Story By Ben Meyer

Bounties for deer kills? Survey shows support for plan to fight CWD spread
MINOCQUA - A new plan calls for paying Wisconsin hunters a thousand dollars or more for killing a deer with chronic wasting disease.

Supporters believe the "bounty" system could slow the spread of the deadly illness. The proposal appears to have support in the state, but has others concerned about cost.

About 57 percent of voters at this spring's Conservation Congress hearings backed the plan. It would give hunters between $750 and $1,250 dollars if they killed a deer found to have CWD after a test.

"Folks are getting very worried about what this disease can do to our Wisconsin deer hunting culture," said Mike Foy, a retired DNR wildlife biologist. "If we don't find some way to slow down or stop this disease, I think that the deer hunting economy is clearly at risk."


Foy is promoting the plan through his group, Payments4Positives.

Kurt Justice, the vice chair of the Vilas Co. Conservation Congress, is concerned about CWD.

But he's also concerned about the cost of the pilot program. It would give away about $1 million in bounties.

"Where does this money come from?" Justice asked. "The amount is a little shocking to me, personally. I don't think hunting should be about bounties, but obviously, this is a different situation."

But Foy believes $1 million is worthwhile if it helps protect Wisconsin's $1 billion deer hunting industry from CWD.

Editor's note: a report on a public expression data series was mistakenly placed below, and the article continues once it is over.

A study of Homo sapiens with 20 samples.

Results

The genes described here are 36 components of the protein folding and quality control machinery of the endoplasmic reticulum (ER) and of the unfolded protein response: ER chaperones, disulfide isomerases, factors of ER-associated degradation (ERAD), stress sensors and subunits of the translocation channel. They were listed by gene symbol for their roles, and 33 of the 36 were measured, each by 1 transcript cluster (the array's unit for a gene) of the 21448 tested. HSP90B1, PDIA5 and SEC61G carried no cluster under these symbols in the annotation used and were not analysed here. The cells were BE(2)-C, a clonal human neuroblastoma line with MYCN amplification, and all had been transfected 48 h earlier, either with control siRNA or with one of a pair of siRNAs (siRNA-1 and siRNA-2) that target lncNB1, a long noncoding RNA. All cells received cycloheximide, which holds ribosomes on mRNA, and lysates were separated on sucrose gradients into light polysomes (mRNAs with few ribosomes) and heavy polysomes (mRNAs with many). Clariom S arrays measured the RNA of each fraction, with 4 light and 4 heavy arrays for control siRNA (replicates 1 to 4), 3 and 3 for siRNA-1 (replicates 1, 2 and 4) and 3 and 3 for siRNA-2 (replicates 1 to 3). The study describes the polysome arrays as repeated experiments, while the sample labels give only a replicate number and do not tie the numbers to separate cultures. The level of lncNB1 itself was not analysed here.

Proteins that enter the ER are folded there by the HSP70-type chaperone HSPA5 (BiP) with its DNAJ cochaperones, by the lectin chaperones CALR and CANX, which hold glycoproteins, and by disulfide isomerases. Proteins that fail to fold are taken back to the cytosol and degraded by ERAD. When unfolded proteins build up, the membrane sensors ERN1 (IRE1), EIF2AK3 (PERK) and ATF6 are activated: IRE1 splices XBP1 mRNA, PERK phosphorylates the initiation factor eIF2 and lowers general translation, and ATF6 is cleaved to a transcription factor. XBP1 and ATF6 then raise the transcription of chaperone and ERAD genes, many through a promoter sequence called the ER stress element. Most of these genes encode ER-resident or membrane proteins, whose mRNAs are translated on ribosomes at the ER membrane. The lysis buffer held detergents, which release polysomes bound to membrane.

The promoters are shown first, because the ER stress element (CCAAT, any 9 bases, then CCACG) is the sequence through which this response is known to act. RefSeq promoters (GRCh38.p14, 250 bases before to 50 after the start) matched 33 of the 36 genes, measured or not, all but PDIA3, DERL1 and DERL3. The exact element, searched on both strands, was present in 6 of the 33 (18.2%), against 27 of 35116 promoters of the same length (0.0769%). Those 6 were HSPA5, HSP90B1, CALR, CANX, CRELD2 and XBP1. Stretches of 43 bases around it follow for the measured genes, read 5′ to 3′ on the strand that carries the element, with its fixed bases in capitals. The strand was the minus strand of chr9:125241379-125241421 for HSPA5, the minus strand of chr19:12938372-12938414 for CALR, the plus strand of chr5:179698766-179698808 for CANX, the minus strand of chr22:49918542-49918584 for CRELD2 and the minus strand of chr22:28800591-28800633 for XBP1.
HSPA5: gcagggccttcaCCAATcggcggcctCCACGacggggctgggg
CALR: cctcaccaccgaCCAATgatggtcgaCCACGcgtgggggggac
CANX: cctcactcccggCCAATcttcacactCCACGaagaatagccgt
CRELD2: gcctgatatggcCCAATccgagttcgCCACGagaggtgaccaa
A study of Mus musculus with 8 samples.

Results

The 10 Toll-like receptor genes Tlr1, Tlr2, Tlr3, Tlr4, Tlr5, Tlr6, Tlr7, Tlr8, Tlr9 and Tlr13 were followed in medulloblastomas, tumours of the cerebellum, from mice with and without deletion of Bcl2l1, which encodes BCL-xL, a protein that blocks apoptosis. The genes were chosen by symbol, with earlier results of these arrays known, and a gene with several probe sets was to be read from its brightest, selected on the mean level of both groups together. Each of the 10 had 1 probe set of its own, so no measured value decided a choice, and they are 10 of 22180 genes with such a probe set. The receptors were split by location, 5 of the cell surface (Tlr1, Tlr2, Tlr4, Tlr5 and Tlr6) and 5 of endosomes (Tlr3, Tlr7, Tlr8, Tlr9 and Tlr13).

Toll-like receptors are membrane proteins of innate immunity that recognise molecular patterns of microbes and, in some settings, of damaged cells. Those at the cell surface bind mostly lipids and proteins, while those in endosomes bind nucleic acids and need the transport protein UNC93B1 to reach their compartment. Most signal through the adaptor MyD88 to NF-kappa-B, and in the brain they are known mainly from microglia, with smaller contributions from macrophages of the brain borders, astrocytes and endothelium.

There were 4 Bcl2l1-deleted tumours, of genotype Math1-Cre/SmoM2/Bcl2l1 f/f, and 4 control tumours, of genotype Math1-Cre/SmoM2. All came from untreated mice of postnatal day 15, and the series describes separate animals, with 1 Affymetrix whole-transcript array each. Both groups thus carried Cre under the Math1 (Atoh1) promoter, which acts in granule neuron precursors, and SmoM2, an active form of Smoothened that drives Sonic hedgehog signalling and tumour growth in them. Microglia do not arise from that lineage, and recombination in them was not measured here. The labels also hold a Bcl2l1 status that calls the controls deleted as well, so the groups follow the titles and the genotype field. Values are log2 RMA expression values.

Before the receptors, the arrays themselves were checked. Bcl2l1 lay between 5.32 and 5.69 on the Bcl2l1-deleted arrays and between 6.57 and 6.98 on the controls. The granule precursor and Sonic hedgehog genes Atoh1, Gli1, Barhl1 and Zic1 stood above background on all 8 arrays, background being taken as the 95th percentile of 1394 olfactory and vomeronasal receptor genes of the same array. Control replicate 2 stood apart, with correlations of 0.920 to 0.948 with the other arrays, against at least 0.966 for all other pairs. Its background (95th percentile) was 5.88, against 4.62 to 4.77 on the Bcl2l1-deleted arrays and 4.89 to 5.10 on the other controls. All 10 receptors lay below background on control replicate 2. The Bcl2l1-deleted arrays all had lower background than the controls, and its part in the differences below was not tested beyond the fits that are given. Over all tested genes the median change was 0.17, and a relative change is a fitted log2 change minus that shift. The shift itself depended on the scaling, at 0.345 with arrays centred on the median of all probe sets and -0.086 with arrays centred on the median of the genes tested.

"I think, in the long run, or in the big picture, you can easily justify $1 million to try and see if you have the tool," Foy said. "There's been a lot of discussions about how to slow it down or go on defense to keep it from getting in other areas, but, at some point, you can't play defense forever. You've got to start going on offense."

The state legislature would have to approve spending taxpayer money on the program.


"The Emerald Ash Borer can fly easily about a half a mile, and up to maybe 5 miles away from a host tree to find another tree in order to infect that tree," said Wood.

Though there won't be a significant impact on the environment in Florence county, not knowing if your tree is infected could lead to safety concerns around your property or for people with streets lined with the trees, dangerous roadways could occur during storms.

Forest Health Specialist, Linda Williams, spoke about how the future extinction would affect more than just the forest. The MLB uses ash trees to make their baseball bats, as well as the local Native American tribes whos culture traditions create baskets from ash.

"The Emerald Ash Borer will kill the Ash Trees. And we've seen that happening in southern Wisconsin as well as other states that have had it for much longer than us. Other species of trees tend to come into those sites sometimes they are desirable species and some are not," said Williams..

If you are a concerned ash tree owner some signs that your tree has been infested is the outer bark removed by woodpeckers, and D-shaped holes where the insects have emerged.

For people with 10 plus acres you can file a request with the DNR to have a walk through to understand how to manage the Emerald Ash Borer at mywisconsinwoods.org.